Celebrating 40 Years of Conservation: The early years

Celebrating 40 Years of Conservation: The early years

This month we are highlighting two conserved public-access properties located in Ashland, Ore. We are grateful to the City of Ashland, the Ashland Woodland & Trails Association, and the countless volunteers who help maintain these incredible natural gems. We hope you enjoy this month’s “hike” down memory lane. – Cathy Dombi, Executive Director

During the first few years, the SOLC board, led by president Ben Day, was busy establishing policies, setting goals and priorities, enlisting new members, and collaborating with other local conservation-minded groups such as the Bear Creek Greenway Committee. In 1979, the all-volunteer organization, sponsored a conservancy workshop led by the Trust for Public Lands. The same year, treasurer, Dave Garcia, reported that the newly formed nonprofit had total assets of $345 and just 24 members. Today, SOLC has over 1000 member-households with current assets over $1.7 million.

When building homes and subdivisions, we must remember the importance of including natural spaces.
— Vince Oredson, Sr.

In 1983, Vince Oredson, Sr. and John Todd, two local developers who built one of Ashland’s first subdivisions off Tolman Creek Road, donated 10 acres of nearby land to SOLC for the “perpetual enjoyment of the public.” Oredson acknowledged the importance of protecting land for the public. “When building homes and subdivisions, we must remember the importance of including natural spaces“, said Oredson. True then and even more vital now.

Today, those 10 acres are adjacent to the Siskiyou Mountain Park owned by the City of Ashland and protected in a collaborative partnership with SOLC.

In the early 1990s the City of Ashland and SOLC, under the direction of then president Mike Uhtoff, secured an adjacent property, which when combined became a 281-acre preserve, protected through a conservation agreement. SOLC sponsored a “Buy an Acre” campaign in 1991 to acquire the open space. Donors contributed $27,500 to help the city purchase the parcels. The Mike Uhtoff Trail honors Mike’s contributions and work in securing the funding for the project.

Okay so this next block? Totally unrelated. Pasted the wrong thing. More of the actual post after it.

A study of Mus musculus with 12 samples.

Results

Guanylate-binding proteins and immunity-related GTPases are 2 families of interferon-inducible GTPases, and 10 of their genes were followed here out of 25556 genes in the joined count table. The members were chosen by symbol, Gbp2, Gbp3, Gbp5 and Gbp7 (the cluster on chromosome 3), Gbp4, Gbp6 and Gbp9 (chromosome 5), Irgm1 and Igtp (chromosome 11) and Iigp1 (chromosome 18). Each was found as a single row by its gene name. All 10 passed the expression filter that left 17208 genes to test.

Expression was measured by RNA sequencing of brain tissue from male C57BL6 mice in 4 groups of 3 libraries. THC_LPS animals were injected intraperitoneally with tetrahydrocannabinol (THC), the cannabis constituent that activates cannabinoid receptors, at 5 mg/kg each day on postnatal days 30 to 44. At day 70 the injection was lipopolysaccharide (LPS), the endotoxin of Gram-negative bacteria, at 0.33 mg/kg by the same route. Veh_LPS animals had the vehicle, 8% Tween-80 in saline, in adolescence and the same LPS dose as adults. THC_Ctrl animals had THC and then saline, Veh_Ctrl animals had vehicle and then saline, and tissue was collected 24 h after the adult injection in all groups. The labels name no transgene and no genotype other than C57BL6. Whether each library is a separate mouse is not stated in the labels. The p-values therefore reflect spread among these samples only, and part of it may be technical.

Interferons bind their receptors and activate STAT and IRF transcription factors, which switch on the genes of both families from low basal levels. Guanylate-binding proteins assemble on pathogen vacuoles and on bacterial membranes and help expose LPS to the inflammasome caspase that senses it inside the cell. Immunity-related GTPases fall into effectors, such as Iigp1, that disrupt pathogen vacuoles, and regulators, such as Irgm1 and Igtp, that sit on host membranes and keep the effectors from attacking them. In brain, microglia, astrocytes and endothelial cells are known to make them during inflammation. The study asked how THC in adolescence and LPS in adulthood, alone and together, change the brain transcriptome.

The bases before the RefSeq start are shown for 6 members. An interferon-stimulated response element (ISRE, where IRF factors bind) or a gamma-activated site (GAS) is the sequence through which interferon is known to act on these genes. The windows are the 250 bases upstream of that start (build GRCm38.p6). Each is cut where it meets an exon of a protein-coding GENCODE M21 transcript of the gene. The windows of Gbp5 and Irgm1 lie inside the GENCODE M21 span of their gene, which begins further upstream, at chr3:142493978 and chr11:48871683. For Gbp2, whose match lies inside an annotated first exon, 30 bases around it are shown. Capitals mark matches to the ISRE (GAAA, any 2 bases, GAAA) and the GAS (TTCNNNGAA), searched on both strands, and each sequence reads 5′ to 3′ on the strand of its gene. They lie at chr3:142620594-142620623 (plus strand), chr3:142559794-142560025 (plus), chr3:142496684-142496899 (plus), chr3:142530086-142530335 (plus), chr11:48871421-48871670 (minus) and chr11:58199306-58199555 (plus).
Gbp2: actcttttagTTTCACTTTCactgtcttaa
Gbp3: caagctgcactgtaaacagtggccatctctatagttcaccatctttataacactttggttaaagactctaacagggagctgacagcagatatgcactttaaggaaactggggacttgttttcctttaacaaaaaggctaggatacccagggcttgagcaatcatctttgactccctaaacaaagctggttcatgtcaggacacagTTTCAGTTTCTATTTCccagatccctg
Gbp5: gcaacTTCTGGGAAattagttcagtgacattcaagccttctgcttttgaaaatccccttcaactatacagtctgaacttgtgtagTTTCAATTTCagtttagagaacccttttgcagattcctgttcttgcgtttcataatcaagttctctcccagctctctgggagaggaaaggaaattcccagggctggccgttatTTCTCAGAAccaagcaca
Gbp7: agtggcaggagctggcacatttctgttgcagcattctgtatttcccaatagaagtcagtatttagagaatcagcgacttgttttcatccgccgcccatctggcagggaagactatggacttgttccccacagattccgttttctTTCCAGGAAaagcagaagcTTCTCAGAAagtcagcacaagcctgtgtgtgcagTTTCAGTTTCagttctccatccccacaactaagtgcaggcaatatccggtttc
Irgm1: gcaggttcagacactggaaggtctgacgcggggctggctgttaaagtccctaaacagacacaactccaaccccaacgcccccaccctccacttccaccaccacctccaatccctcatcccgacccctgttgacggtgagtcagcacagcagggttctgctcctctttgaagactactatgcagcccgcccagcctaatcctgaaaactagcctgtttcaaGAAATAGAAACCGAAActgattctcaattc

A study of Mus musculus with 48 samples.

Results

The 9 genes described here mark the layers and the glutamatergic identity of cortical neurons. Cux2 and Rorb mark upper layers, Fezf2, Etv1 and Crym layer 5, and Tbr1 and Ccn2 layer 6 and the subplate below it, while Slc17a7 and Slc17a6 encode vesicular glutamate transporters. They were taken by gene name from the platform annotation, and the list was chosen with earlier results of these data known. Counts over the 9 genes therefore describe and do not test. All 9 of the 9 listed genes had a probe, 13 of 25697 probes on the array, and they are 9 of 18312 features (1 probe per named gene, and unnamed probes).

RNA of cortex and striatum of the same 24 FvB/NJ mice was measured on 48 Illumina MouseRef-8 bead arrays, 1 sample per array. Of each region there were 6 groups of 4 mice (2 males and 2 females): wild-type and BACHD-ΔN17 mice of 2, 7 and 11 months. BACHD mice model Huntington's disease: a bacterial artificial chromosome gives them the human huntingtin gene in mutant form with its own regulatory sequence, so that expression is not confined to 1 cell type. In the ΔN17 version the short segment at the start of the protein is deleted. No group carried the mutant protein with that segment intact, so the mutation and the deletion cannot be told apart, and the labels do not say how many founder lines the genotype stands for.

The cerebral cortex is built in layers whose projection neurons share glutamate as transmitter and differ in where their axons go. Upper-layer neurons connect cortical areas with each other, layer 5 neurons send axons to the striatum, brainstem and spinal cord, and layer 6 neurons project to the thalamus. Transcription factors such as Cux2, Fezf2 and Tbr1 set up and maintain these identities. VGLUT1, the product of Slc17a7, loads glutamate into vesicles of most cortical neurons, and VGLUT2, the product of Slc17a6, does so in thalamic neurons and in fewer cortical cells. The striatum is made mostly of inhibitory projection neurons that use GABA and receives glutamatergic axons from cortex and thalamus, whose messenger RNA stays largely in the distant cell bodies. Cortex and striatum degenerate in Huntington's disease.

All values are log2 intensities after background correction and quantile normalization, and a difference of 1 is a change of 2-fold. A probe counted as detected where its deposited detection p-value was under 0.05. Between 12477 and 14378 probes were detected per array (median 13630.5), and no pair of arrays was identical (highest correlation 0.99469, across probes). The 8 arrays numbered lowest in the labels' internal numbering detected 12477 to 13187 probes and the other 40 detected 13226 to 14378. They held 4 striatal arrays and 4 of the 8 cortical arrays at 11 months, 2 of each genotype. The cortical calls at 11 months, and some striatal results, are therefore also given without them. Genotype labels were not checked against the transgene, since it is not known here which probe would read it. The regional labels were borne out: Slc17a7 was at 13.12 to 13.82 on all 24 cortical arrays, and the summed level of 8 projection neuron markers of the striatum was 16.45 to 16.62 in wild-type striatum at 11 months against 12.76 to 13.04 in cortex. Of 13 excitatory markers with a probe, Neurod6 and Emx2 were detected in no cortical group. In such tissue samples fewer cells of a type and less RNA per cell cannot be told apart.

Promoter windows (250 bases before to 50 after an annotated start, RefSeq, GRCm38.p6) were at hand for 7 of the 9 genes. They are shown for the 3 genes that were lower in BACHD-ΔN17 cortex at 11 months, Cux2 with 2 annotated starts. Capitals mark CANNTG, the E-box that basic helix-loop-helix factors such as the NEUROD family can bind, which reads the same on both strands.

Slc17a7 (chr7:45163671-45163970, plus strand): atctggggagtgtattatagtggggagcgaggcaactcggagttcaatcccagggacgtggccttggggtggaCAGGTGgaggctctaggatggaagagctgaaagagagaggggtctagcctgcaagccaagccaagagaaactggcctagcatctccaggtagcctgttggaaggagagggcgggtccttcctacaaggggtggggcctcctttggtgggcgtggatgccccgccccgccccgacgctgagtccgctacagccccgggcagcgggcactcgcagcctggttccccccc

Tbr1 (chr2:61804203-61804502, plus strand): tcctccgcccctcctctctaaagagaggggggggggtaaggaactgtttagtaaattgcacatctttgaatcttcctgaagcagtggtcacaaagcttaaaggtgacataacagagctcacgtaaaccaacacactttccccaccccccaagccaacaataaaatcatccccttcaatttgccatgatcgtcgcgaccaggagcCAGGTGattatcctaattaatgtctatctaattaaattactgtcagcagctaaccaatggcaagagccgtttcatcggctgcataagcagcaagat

The land sits above the city limits and is near a large tract of federal land. The property is forested and contains pedestrian and biking trails; the park is also dog and horse-friendly. Hikers can begin walking at Oredson-Todd Woods and connect to the Pacific Crest Trail and Mt. Ashland through the Creeks to Mountains trail system.

John Muir School 7th & 8th graders adopt the Woods stewarding and learning throughout the year.

Clay Creek meanders through a canyon in the Oredson-Todd Woods attracting an array of birds and mammals, including the Pacific fisher. It’s a quiet but well-used park where runners, walkers, dogs, and baby strollers can sometimes cross paths. Each April SOLC offers Loving the Land, a week of free nature-based activities for grade-school students and their teachers. The City of Ashland Parks and Recreation Department manages the park for wildlife, natural open space, and public use.  While it may seem that these uses conflict, the park is beloved by many people – all who have a stake in its protection.

Author’s note: In 1999, SOLC donated the Oredson-Todd Woods to the City of Ashland. SOLC maintains conservation agreements for the Siskiyou Mountain Park and Oredson-Todd Woods.

Clay Creek waterfall in Oredson-Todd Woods. Photo by Tom Kirchen.